5G Fixed Wireless Access (FWA) broadband could be one of the major early uses of 5G, acting as a replacement for wired home broadband, especially as one potential obstacle – expensive and time consuming installations – has seemingly been solved.
In theory, 5G FWA should be plug-and-play anyway, but in practice some implementations require an external antenna to be installed by an engineer. Or at least, they did, but now NetComm has created self-install tech which allows customers to get their 5G FWA up and running on their own.
This not only means they’ll be able to get connected a lot faster than if they had to book and wait for an engineer visit, but also that the costs involved will be a lot lower for networks. Indeed, NetComm believes this barrier could have made large-scale fixed wireless deployments unprofitable and therefore unviable for networks.
NetComm’s solution involves a smartphone app that can connect to a customer’s new 5G modem and guide them to the best place to put the modem in their home.
This isn’t a one-size fits all solution, as some modems will need to be placed in tricky positions, so alongside the app, NetComm has also developed a range of mounts, including an indoor desk mount, which can be placed anywhere in a home but is best for homes with a strong 5G signal, and an indoor window mount, for homes where the signal might need a boost.
Then there’s an outdoor wall mount – in both self-install and engineer-required versions, and an outdoor roof mount. So there’s an option for almost all homes.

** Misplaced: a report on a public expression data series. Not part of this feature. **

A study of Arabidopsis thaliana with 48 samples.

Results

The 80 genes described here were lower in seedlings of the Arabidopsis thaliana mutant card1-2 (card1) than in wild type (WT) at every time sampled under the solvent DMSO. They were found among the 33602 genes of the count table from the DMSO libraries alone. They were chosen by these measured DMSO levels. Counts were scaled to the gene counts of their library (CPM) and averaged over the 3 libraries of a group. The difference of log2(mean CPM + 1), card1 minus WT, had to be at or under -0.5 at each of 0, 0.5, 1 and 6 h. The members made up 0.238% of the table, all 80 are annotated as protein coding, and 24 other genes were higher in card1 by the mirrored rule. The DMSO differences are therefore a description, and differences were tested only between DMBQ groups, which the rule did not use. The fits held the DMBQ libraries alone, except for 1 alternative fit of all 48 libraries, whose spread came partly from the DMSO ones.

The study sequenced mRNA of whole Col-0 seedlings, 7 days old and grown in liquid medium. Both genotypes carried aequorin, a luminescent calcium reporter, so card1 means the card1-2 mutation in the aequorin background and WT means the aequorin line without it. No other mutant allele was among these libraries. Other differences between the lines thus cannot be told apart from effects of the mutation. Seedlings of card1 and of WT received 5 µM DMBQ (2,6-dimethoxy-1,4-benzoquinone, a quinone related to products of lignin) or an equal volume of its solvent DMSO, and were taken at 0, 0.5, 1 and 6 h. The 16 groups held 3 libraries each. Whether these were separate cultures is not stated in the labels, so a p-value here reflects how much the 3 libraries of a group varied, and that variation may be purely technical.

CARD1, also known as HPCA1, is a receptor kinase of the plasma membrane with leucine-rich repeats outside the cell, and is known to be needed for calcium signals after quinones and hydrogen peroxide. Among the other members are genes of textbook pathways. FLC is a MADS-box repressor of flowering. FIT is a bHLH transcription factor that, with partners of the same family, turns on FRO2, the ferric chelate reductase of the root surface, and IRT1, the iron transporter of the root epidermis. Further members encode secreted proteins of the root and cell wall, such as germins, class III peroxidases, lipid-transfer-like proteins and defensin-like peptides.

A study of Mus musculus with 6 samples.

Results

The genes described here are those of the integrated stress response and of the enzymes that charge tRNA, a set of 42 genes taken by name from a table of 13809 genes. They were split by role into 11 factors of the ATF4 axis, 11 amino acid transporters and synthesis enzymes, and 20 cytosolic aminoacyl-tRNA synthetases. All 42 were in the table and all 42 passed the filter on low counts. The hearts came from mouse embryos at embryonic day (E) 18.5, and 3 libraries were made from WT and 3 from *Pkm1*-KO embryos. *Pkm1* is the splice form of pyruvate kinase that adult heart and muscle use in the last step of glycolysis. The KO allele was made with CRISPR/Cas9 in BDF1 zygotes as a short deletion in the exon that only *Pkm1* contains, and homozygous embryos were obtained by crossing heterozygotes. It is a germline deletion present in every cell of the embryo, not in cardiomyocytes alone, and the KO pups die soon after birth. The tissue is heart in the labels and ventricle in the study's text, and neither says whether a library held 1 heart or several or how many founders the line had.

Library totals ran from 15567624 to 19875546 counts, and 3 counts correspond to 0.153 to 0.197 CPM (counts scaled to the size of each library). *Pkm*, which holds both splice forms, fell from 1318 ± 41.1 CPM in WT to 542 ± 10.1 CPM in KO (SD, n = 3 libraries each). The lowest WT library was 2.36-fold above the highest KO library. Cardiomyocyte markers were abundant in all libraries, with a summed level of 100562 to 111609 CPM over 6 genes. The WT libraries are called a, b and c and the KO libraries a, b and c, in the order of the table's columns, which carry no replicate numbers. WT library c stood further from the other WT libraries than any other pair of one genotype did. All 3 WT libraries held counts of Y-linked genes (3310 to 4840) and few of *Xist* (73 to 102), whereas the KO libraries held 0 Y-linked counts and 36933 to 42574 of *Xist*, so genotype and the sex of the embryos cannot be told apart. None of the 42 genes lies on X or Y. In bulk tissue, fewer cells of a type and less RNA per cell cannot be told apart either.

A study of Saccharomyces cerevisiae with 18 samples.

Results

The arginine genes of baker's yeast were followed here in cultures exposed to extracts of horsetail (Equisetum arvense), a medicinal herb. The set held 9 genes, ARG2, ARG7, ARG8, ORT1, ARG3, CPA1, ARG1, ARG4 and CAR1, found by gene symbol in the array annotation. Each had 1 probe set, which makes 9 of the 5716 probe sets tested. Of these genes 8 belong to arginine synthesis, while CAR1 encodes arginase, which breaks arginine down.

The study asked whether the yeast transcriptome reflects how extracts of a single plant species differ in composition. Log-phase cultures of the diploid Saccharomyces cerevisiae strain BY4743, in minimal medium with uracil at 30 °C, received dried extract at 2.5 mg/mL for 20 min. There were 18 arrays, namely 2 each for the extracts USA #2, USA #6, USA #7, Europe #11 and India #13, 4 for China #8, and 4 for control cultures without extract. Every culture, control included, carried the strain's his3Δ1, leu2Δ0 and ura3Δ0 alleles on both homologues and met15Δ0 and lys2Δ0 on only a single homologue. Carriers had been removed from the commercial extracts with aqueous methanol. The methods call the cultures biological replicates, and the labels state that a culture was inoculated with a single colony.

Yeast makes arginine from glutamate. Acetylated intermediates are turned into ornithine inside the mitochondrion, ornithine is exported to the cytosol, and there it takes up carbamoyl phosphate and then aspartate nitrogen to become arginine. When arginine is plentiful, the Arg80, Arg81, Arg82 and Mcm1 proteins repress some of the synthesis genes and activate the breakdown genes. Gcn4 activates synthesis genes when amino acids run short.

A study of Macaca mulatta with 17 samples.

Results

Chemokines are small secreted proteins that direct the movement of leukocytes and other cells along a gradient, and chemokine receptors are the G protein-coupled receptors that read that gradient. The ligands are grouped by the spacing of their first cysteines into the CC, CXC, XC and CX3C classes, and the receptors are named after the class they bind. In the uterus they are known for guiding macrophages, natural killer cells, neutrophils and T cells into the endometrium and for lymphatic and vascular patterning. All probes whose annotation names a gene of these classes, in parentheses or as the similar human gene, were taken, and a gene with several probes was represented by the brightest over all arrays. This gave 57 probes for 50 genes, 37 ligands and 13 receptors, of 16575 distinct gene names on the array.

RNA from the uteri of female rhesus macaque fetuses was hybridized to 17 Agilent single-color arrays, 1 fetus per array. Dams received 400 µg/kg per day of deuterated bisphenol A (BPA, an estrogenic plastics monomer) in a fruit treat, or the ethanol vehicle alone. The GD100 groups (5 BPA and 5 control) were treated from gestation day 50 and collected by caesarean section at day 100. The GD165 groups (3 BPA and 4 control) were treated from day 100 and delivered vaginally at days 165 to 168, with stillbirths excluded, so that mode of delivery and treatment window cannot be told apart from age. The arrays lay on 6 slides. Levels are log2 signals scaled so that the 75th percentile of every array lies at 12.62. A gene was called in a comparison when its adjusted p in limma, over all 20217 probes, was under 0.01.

Of the tech, Els Baert, Director of Marketing & Communications at NetComm said: “NetComm is delivering the missing piece of the jigsaw that will help enable mass market 5G Fixed Wireless take-up. No new technology can succeed unless there is an easy way to deploy it and our self-install platform is a game-changer for the economics of 5G Fixed Wireless.
“It is great for end-users as they don’t have to stay home waiting for a technician to turn up – they can get online in minutes once they have plugged in their hardware. We have worked to make sure that our 5G Fixed Wireless platform delivers an exceptional connection quality on a level with what end-users have come to expect from fixed-broadband services delivered over fibre or cable.”
If this tech lives up to the claims, then 5G home broadband could become a common thing in the near future. It has the potential to offer fibre-rivalling or even exceeding speeds (something which 4G can’t), as well as being faster, cheaper and simpler to set up.
EE has already announced plans to offer a 5G Home router after its 5G launch later in 2019, and we’d expect other networks to follow.